Trustees of the British Museum
First Contact With Lewis & Clark
According to local legend, when Meriwether Lewis learned that a male child had been born near the expedition's encampment in what is today southeastern South Dakota, he sent for the child and wrapped the new born baby boy in an American flag during the council at Calumet Bluff in late August 1804. Lewis declared the baby an American. This boy grew up to become a headman (chief) of the Ihanktonwan Nakota (Yankton Sioux), known as Struck By-the-Ree. However, the journals of the expedition make no mention of this incident.
Pressure & Land Cession
By the late 1850s pressure to open up what is now southeastern South Dakota to white settlement had become very strong. Struck-by-the-Ree and several other headmen journeyed to Washington, D.C., in late 1857 to negotiate a treaty with the federal government. For more than three and a half months, they worked out the terms of a treaty of land cession. Struck-by-the-Ree's name appears first on the Treaty of Washington, signed April 19, 1858.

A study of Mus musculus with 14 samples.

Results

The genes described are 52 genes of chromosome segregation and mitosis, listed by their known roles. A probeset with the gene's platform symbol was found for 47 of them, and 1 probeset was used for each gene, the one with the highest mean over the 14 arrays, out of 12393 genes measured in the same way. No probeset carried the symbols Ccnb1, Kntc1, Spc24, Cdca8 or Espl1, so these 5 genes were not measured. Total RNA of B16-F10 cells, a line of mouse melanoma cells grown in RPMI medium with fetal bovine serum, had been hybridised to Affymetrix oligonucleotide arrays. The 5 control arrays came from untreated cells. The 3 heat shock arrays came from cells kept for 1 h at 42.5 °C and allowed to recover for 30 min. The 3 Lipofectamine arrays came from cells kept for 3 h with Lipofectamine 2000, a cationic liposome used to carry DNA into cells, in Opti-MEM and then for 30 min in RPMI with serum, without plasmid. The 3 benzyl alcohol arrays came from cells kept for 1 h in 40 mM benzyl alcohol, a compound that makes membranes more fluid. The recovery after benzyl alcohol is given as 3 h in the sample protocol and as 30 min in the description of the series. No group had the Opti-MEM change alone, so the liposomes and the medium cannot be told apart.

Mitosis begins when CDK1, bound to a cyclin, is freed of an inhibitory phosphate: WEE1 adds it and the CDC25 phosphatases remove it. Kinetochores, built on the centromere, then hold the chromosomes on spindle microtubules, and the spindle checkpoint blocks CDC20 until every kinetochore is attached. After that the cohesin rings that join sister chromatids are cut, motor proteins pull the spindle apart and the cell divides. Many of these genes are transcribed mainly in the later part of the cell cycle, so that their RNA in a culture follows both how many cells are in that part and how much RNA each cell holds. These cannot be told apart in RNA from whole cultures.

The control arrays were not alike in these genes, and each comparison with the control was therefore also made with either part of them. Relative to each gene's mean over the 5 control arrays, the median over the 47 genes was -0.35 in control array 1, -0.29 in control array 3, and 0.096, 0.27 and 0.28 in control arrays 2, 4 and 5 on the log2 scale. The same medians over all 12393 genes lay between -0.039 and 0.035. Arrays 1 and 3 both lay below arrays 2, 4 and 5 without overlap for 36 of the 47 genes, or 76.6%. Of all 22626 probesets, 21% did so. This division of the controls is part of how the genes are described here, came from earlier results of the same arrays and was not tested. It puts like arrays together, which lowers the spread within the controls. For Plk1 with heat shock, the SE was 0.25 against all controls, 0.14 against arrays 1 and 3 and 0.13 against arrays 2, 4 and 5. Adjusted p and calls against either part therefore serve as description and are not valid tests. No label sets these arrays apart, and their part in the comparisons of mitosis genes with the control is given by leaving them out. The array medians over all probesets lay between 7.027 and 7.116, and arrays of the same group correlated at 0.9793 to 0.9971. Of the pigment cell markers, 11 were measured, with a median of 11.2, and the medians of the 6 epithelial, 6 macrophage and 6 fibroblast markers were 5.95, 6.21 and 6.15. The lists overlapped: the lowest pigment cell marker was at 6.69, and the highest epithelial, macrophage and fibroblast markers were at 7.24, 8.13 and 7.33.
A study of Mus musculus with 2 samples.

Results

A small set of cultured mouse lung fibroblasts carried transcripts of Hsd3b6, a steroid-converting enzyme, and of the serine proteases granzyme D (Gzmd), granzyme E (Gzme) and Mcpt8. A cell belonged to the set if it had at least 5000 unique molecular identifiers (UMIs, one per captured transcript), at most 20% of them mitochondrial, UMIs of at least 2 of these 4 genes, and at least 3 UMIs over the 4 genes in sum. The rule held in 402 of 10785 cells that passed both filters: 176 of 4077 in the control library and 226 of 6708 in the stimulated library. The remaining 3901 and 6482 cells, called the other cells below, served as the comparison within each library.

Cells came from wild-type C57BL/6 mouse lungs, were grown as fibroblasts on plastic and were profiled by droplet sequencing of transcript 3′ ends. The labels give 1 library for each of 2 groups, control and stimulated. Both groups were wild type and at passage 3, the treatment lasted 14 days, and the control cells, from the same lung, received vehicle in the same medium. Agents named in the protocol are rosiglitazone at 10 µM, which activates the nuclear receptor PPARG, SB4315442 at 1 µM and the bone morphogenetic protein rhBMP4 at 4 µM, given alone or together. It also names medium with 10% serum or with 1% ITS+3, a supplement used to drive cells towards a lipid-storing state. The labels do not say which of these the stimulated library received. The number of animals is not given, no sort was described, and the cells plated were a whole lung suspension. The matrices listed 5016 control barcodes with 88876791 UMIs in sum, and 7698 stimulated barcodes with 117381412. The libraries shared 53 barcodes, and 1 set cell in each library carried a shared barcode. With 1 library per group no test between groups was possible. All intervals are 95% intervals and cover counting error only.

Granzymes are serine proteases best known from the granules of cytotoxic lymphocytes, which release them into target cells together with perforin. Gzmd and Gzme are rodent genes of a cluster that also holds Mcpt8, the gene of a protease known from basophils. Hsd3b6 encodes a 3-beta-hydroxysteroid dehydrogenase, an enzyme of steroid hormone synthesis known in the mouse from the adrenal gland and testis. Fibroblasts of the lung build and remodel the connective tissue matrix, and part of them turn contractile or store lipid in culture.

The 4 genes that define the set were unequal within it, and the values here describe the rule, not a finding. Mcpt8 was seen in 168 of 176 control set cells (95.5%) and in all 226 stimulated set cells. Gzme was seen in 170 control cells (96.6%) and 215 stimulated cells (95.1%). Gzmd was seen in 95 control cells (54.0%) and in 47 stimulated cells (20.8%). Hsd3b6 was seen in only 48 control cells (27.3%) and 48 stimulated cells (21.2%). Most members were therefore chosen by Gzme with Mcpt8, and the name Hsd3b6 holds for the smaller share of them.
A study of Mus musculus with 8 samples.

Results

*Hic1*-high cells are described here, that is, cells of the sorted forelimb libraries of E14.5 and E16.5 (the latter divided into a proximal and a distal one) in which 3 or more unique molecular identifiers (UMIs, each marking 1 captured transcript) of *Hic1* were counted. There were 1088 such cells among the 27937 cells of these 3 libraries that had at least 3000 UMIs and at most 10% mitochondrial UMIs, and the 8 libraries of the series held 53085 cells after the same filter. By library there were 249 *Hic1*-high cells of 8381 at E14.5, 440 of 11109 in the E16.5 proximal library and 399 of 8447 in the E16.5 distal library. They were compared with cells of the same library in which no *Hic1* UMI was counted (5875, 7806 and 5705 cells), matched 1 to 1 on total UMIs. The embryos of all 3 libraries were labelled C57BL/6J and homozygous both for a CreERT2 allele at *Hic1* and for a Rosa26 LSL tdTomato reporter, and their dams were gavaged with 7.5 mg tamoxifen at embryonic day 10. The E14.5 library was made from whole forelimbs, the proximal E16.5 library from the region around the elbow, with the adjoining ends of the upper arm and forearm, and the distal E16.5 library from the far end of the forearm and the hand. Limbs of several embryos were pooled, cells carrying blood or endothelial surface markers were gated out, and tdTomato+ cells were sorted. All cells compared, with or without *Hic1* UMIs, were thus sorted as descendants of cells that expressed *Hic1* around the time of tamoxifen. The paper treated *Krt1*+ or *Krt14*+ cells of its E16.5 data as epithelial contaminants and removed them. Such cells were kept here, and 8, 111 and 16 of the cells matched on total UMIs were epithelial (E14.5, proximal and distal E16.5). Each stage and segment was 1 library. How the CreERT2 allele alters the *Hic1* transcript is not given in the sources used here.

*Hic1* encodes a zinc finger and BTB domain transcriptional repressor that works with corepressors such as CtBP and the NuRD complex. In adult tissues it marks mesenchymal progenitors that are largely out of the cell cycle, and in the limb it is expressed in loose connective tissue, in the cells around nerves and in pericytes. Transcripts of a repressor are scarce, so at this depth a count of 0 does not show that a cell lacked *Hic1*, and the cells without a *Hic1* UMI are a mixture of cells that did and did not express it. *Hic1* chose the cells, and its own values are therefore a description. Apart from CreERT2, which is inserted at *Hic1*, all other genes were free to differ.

Returning from Washington, Padaniapapi (Struck-by-The-Ree) told his people, "The white men are coming in like maggots. It is useless to resist them. They are many more than we are. We could not hope to stop them. Many of our brave warriors would be killed, our women and children left in sorrow, and still we would not stop them. We must accept it, get the best terms we can get and try to adopt their ways."
For about eleven and a half million acres, a payment of approximately $1.6 million in annuities was to paid over the next 50 years. Specific provisions of the treaty called for educating the tribe to develop skills in agriculture, industrial arts and homemaking. This treaty provided for the removal of the tribe to a 475,000-acre reservation on the north side of the Missouri River in what is now Charles Mix County. (Charles E. Mix was the commissioner who signed for the federal government.) The US Senate ratified the treaty on February 16, 1859 and President Buchanan authorized it ten days later. On July 10, 1859, the Yankton Sioux vacated the ceded lands and moved onto the newly-created reservation.
Text on the monument states: To commemorate the treaty between the United States of America and the Yankton Tribe of Sioux or Dakota Indians. Concluded at Washington, D.C. April 18, 1856; Ratified by the Senate February 16, 1859.
In Memory of the Yankton Chiefs who made the Treaty of 1858.
Struck By The Ree, Black Bear, Medicine Crow, White Swan, Pretty Boy, Feather In The Ear, Crazy Bull, Frank Deloria
The Monument can be found on a hill approximately 1/4 mile north of Greenwood, South Dakota (where the original Yankton Sioux Agency headquarters was located) off Bon Homme County Road 2.